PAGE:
HARTFORD, Conn. - Eliot Spitzer was once the next Richard Blumenthal.
Blumenthal, Connecticut's long-standing Attorney General, now hopes to follow Spitzer's path to a Governor's Mansion.
Blumenthal currently is planning to run for Governor in three years and has a good chance at success, says Kevin Rennie, a South Windsor attorney and Hartford Courant columnist who previously served in the state's Legislature.
"He's telling (Democratic leadership) that he's really going to run," Rennie said. "He's gone to the brink at various other times. His potential has always seen by both sides as very strong, but he's always drawn back -- sometimes early in the process, sometimes a little later."
Spitzer parlayed his role as an ever-present attorney general in New York into becoming the state's governor in 2006. Blumenthal, meanwhile, has also kept his name in the headlines since his election in 1990 -- usually for his work as attorney general, but sometimes for flirting with the governorship.
"At the time, we saw it as Spitzer following Blumenthal's path. Then he overtook him," Rennie said. "In some ways, Blumenthal is Eliot Spitzer without the potty mouth."
Rennie said Blumenthal would have won had he run in 1994, but "he was in his first term as AG and may not have wanted to take the risk."
"Connecticut has an unhappy tradition of people staying in high offices for a long, long time," Rennie added, "so that's nothing unusual. Twenty years (as attorney general), that will be a long run."
State Democrats don't expect Jodi Rell, the state's current Republican governor, to run for re-election, Rennie said. That will likely make Blumenthal an even more appealing choice, as he would become the first Democratic governor elected since 1986.
"He's very popular. I think he's the highest vote-getter regularly," Rennie said. "Events could always intervene, but I think he's very tough for the Republicans to take on. He's become a fixture, is well-known and has been around a long time."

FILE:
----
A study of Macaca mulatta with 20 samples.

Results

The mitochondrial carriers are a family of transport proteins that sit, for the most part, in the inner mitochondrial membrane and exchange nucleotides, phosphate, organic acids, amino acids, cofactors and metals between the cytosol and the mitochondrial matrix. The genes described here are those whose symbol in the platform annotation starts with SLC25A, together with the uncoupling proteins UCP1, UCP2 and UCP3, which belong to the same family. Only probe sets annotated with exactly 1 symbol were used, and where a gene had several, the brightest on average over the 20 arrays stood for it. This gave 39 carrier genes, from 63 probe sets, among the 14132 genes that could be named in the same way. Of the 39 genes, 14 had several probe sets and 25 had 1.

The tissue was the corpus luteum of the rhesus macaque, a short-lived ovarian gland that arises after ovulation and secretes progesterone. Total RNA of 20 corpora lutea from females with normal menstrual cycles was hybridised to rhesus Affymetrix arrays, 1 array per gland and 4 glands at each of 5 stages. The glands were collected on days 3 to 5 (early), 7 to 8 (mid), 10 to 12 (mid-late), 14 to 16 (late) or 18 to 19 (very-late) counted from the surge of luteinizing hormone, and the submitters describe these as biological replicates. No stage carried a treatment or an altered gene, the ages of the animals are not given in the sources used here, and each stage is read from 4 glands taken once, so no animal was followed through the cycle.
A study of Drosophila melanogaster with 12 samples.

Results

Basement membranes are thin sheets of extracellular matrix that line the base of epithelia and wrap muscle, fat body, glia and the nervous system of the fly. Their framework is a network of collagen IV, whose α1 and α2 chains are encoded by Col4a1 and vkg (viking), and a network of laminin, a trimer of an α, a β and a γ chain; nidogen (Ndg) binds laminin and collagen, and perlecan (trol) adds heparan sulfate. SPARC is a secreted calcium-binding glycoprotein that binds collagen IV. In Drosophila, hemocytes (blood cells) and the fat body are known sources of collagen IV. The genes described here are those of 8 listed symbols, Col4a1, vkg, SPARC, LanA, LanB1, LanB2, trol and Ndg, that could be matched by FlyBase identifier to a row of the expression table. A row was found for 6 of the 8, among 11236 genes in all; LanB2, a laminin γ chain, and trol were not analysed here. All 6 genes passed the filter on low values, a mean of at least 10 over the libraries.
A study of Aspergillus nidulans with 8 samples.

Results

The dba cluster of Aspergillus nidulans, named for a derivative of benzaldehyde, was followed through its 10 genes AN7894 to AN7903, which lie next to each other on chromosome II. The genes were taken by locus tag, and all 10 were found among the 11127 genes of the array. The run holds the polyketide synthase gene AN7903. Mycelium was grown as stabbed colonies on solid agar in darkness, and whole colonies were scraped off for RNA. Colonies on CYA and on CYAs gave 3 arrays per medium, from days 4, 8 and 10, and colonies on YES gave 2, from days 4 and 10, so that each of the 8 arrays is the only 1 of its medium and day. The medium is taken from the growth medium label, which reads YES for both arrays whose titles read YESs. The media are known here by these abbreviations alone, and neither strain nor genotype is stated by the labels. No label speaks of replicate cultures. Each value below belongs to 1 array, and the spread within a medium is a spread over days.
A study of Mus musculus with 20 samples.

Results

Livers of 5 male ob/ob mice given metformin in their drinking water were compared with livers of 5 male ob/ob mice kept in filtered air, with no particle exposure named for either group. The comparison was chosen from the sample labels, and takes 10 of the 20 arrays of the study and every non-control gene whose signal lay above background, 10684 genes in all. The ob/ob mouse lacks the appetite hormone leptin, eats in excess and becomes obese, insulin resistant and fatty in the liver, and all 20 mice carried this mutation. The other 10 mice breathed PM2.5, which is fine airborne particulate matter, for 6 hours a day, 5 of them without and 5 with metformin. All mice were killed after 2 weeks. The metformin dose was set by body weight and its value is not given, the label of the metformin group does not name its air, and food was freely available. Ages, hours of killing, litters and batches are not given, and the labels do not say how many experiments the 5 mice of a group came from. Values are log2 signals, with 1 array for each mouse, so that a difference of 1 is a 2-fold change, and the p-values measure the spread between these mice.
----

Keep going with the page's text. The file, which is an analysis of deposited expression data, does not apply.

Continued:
Earlier this year, the Competitive Enterprise Institute ranked Blumenthal as the worst state attorney general in recent history (LegalNewsline's coverage can be found here). CEI is a nonprofit public policy organization that is "dedicated to advancing the principles of free enterprise and limited government."
Hans Bader, who wrote the report, called Blumenthal "a tireless crusader for growing the power of his own office and spreading largesse to his cronies."
Bader focused largely on Blumenthal's role in litigation against tobacco companies, starting with the 1998 Tobacco Master Settlement Agreement.
"Wealthy trial lawyers across the nation received $14 billion nationally in attorneys' fees under a $246 billion-plus settlement paid for primarily by smokers -- the alleged victims of the very fraud that begat the settlement," Bader said.
The report says Blumenthal steered $65 million in fees to his own allies and the associates of former Gov. John Rowland, later convicted of corruption in an unrelated matter.
It adds that Blumenthal went "through the motions" of soliciting letters from firms interested in representing the state in the lawsuit. Of the four he selected, one was his former firm, another's partner was married to a partner in the first firm and a managing partner in the third served as counsel to Rowland.
While the CEI obviously will have concerns about Blumenthal becoming governor, it's not likely to matter, Rennie said. He feels that most of Blumenthal's critics don't live in Connecticut.
"He makes a lot of news," Rennie said.